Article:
KeriCure

by: Traci McMillan Correspondent

Company: KeriCure Inc., Wesley Chapel

Principals: Keriann Greenhalgh, CEO and Chairman

The big idea: Keriann Greenhalgh was researching healing chronic wounds for her Ph.D. in organic chemistry when she discovered something much more practical for the everyday user: an elastic polymer technology that resembled a second skin.

Building a lab in her garage, Greenhalgh started experimenting with the polymer technology as a liquid protectant that would prevent infection for scrapes, cuts and burns.

The need for this kind of product hit close to home for Greenhalgh, whose husband several years earlier underwent surgery for a minor cut between his thumb and forefinger that became infected.

With a background in gaining clearance from the Food and Drug Administration, Greenhalgh knew the amount of effort necessary to gain proper approvals. The FDA cleared KeriCure's skin protectant products in May, and Greenhalgh is anxiously awaiting another FDA clearance for her liquid bandage.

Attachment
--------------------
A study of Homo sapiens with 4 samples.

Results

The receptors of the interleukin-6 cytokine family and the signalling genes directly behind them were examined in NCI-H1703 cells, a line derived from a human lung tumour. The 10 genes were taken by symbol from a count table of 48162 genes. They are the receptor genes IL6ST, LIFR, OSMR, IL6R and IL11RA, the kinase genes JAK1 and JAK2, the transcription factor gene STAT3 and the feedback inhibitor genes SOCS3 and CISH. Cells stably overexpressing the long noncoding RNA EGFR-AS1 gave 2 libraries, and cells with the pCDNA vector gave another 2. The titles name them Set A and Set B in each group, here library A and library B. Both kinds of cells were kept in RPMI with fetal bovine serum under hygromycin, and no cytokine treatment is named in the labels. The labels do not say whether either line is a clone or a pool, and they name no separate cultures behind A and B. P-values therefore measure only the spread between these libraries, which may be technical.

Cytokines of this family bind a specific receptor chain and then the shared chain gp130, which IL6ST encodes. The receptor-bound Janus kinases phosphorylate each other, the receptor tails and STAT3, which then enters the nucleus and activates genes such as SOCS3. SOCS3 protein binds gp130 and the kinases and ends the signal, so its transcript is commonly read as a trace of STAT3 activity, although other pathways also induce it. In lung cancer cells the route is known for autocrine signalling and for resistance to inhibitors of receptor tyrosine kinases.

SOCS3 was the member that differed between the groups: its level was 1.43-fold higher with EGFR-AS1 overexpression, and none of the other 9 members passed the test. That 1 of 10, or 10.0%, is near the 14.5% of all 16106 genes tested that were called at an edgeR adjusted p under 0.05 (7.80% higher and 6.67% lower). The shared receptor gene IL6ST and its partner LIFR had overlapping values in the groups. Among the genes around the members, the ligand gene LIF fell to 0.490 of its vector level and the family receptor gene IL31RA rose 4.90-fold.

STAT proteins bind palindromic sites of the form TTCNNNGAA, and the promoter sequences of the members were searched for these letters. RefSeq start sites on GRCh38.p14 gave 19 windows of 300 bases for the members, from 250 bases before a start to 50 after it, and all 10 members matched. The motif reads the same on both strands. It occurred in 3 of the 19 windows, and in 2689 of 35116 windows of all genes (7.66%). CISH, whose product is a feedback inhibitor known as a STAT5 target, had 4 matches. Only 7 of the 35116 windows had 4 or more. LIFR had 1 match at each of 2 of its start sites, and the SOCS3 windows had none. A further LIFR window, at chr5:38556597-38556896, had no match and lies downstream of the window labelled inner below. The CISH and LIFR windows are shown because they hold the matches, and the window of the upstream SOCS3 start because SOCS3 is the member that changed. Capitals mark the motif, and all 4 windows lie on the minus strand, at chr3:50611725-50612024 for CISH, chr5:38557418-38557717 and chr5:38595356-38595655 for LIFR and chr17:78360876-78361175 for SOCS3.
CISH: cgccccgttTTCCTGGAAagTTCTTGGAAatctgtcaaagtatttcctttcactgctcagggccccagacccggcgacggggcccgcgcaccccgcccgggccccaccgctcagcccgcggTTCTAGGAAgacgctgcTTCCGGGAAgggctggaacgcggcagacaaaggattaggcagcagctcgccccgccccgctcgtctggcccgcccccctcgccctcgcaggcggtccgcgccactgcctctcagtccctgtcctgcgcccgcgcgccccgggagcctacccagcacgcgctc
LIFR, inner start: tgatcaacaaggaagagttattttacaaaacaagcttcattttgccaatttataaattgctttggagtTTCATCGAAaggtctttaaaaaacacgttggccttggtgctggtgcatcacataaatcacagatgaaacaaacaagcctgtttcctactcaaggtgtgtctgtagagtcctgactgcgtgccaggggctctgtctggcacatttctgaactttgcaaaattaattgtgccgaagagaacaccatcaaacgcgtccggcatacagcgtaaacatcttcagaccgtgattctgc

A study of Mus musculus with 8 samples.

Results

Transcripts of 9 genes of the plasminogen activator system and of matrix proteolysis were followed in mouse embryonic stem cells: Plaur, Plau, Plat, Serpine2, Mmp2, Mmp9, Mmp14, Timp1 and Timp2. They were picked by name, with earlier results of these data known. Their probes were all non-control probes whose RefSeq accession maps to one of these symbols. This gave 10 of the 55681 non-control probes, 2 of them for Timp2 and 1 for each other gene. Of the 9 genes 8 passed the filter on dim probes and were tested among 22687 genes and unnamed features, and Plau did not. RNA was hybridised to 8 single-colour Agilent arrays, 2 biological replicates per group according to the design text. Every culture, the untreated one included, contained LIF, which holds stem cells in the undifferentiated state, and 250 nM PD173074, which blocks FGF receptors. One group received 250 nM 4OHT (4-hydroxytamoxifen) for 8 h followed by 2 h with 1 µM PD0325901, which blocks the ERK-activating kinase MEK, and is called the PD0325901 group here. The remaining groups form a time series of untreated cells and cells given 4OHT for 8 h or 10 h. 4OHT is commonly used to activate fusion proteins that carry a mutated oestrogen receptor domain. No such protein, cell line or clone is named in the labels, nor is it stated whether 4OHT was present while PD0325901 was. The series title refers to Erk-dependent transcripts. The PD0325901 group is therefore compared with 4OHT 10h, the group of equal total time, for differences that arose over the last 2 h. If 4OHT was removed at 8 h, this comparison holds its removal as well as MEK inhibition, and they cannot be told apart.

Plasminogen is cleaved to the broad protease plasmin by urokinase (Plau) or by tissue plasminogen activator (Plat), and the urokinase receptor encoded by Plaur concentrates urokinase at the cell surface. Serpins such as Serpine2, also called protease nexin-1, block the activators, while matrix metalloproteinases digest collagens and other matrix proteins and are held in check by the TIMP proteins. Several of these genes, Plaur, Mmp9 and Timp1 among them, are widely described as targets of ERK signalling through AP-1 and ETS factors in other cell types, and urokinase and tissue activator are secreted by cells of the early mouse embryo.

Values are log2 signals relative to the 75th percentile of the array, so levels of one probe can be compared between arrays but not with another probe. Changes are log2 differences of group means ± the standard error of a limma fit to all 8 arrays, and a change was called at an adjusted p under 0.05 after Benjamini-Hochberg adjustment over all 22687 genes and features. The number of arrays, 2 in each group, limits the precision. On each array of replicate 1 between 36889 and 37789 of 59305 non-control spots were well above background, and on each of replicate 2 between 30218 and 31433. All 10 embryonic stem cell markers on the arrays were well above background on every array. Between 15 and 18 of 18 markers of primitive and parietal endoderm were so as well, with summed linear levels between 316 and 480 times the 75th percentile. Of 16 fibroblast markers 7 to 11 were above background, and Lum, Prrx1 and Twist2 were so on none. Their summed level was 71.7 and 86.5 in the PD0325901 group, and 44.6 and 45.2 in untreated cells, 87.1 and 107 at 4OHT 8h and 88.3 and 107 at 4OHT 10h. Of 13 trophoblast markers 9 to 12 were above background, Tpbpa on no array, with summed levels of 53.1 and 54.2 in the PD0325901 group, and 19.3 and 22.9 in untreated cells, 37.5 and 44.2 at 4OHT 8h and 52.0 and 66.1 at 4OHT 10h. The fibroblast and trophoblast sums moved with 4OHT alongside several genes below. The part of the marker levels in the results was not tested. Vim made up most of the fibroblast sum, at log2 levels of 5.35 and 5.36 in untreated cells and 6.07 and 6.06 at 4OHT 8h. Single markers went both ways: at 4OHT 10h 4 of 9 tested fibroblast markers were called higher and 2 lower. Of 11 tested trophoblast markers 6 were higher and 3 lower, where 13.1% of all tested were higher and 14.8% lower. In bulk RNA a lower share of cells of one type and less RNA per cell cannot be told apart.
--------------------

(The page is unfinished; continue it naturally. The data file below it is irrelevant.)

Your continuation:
Greenhalgh launched KeriCure last August with $500,000 in funding from family and friends, and a $300,000 match from the state of Florida.

Partnering with broker Jim Upchurch, KeriCure products are now carried in more than 900 Publix stores, 200 Kroger stores, and 50 specialty stores in the Southeast. They also receive online orders through Amazon. The company is currently in talks with Sweetbay, Winn Dixie, CVS and Target. Keeping the brand regional to start is necessary for growth, Greenhalgh believes.

Although Greenhalgh declined to share revenue, from June to October the company had more than 70,000 orders, including 60,000 orders from Publix and Kroger. KeriCure now has five full-time employees and eight research and development interns that operate out of the University of South Florida's chemistry lab. Orders are fulfilled through Smart Science Labs and the MacDonald Training Center.

KeriCure's biggest challenge is marketing and brand recognition, according to Greenhalgh. She's recently started a Pandora radio campaign, and is evaluating television, print and online ads.